The Name Not Taken
Last week power-blogger Jason Kottke published a list of the names he didn't choose for his baby daughter. In his words, "Since we are so so (SO!) done having kids, I thought I'd share our list in case someone else finds any of them useful."
The list is very consistent in style. The girls are conspicuously but charmingly antique (Beatrix, Coralie), while the boys are quirky, pint-sized traditionals (Hugo, Finn). Milton is a notable outlier. All in all, a stylish group with an upscale urban/artsy feel.
What really fascinated me, though, wasn't the names themselves but the baby-naming psychology that the blog post embodied. The title, while jokey, says a lot: "Baby names for sale, never used." I suspect most parents can relate to this. It's as if our rejected names still in some way belong to us.
Have you ever seen an exchange between the mother of a toddler and another mom with a newborn baby, something like this? "Oh, Felix? Felix was on our short list when Jasper was born!!" Jasper's mom beams, feeling a real link with little Felix. Meanwile baby Felix's mom smiles tightly at the interloper who dares to think she owns some piece of the special name which belongs to HER, darn it!
As we mull over our short lists, we become attached to the names. They each develop personalities, linked to images of our potential future with different possible children. Even after the winning name is chosen and the baby born, the attachment to the runners-up lingers.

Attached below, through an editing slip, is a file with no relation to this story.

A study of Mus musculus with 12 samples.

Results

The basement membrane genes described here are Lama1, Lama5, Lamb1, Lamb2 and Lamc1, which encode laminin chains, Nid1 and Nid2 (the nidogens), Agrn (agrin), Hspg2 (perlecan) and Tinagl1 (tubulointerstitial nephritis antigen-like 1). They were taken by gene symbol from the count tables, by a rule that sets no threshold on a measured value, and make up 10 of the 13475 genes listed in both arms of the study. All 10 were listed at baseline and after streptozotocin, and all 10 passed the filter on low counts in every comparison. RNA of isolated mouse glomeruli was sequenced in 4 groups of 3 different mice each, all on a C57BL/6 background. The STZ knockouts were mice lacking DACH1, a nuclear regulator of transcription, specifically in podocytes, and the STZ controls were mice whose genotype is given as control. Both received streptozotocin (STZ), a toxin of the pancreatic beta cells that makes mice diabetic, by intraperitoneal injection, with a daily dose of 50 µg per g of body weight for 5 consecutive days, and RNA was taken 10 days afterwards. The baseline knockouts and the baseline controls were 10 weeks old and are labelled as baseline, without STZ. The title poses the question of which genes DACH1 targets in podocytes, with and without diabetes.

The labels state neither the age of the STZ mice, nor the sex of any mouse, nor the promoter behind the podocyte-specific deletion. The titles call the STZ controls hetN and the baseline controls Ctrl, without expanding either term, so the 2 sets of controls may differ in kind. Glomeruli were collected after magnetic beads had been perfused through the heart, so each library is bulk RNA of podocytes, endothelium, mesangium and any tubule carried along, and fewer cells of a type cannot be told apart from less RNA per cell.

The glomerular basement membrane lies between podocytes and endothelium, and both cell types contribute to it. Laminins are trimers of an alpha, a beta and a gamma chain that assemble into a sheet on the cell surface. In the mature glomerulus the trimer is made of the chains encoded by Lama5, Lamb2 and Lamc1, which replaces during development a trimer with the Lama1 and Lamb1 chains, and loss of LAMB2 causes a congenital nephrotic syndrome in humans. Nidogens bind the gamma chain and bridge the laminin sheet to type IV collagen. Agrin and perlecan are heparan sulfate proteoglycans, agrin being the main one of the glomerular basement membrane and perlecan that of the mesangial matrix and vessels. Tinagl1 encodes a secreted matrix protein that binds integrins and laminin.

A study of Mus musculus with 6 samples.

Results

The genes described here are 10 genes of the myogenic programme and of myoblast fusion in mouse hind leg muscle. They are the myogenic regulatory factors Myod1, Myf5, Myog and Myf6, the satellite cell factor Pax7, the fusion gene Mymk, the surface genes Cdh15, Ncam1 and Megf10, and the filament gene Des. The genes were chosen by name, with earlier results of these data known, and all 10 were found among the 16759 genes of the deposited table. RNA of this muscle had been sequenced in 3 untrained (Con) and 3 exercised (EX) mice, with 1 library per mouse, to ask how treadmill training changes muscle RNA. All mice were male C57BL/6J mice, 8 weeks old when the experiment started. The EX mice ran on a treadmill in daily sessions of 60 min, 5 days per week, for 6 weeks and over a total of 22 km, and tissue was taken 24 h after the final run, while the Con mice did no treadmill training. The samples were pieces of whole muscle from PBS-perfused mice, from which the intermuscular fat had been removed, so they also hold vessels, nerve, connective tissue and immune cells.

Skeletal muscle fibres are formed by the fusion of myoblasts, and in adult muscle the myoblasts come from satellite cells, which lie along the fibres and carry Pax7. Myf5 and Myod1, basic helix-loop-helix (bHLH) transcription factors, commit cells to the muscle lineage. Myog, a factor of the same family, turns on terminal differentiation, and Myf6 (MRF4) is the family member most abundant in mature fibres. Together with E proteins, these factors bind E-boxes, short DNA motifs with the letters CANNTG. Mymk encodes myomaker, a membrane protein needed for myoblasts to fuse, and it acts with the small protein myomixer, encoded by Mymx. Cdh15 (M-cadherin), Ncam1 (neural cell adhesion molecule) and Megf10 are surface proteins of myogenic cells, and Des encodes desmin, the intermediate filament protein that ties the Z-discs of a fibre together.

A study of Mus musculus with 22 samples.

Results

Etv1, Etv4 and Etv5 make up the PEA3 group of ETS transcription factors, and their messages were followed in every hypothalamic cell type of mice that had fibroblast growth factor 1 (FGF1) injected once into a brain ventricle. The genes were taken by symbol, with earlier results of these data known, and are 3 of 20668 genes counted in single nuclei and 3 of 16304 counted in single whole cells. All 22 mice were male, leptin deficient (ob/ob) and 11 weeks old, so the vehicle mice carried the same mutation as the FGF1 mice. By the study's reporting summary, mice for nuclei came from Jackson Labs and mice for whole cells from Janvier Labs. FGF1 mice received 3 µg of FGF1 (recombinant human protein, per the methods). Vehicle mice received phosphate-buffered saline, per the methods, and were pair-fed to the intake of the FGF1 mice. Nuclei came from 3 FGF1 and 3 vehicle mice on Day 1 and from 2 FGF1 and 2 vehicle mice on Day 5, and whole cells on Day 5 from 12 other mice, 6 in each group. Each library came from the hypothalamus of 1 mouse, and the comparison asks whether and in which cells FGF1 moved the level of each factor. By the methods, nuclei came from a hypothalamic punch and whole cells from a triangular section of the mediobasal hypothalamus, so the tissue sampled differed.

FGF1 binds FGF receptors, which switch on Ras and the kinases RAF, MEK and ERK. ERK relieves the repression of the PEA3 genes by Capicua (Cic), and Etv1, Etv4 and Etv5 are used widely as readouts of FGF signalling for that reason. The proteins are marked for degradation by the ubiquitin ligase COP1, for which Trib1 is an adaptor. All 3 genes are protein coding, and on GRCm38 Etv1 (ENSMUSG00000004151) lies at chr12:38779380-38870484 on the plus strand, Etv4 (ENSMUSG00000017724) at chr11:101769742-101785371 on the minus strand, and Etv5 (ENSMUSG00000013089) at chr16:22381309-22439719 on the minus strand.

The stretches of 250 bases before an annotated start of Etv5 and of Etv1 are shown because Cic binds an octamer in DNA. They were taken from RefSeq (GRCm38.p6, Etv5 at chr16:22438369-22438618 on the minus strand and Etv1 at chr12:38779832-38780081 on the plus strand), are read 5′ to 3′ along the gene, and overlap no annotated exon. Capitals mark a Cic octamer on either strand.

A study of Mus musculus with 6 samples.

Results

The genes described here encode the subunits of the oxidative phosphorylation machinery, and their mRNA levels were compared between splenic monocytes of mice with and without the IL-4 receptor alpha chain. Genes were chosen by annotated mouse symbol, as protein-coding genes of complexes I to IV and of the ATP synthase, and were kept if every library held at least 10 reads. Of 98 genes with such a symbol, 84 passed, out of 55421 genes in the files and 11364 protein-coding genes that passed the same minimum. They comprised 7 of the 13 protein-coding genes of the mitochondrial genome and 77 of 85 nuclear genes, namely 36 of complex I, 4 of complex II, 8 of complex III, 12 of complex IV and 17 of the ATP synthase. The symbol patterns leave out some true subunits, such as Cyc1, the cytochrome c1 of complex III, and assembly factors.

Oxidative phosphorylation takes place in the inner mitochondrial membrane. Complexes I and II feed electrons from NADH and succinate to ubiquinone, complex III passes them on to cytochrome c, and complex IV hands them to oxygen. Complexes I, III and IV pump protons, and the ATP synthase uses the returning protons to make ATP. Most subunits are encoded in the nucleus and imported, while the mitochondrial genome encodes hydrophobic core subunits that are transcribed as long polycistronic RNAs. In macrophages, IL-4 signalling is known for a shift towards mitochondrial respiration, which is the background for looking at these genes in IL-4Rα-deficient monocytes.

Like Mr. Kottke, many of us also view our unused names as a mildly tragic waste. I'm hardly immune to this myself. I was thrilled when a new nephew received a favorite boy's name that had "gone to waste" when my youngest daughter was born. When you stop to think about it, though, it's a little nonsensical to think of names as assets in that way. In my case it was a traditional name, not something I invented. It was an infinitely renewable resource, and not something that would go to the landfill if unused. How can something so abstract and hypothetical ever "go to waste"?
Part of the sense of waste may be about the time and effort we put into assembling our name lists. But more important, I think, is the sense of value being wasted. All of our name lists have something in common: they reflect our own personal tastes. That means they're flat-out gorgeous. They're the best possible names! How can we let such a valuable resource sit mouldering? Shouldn't we share that bounty, "in case someone else finds any of them useful"?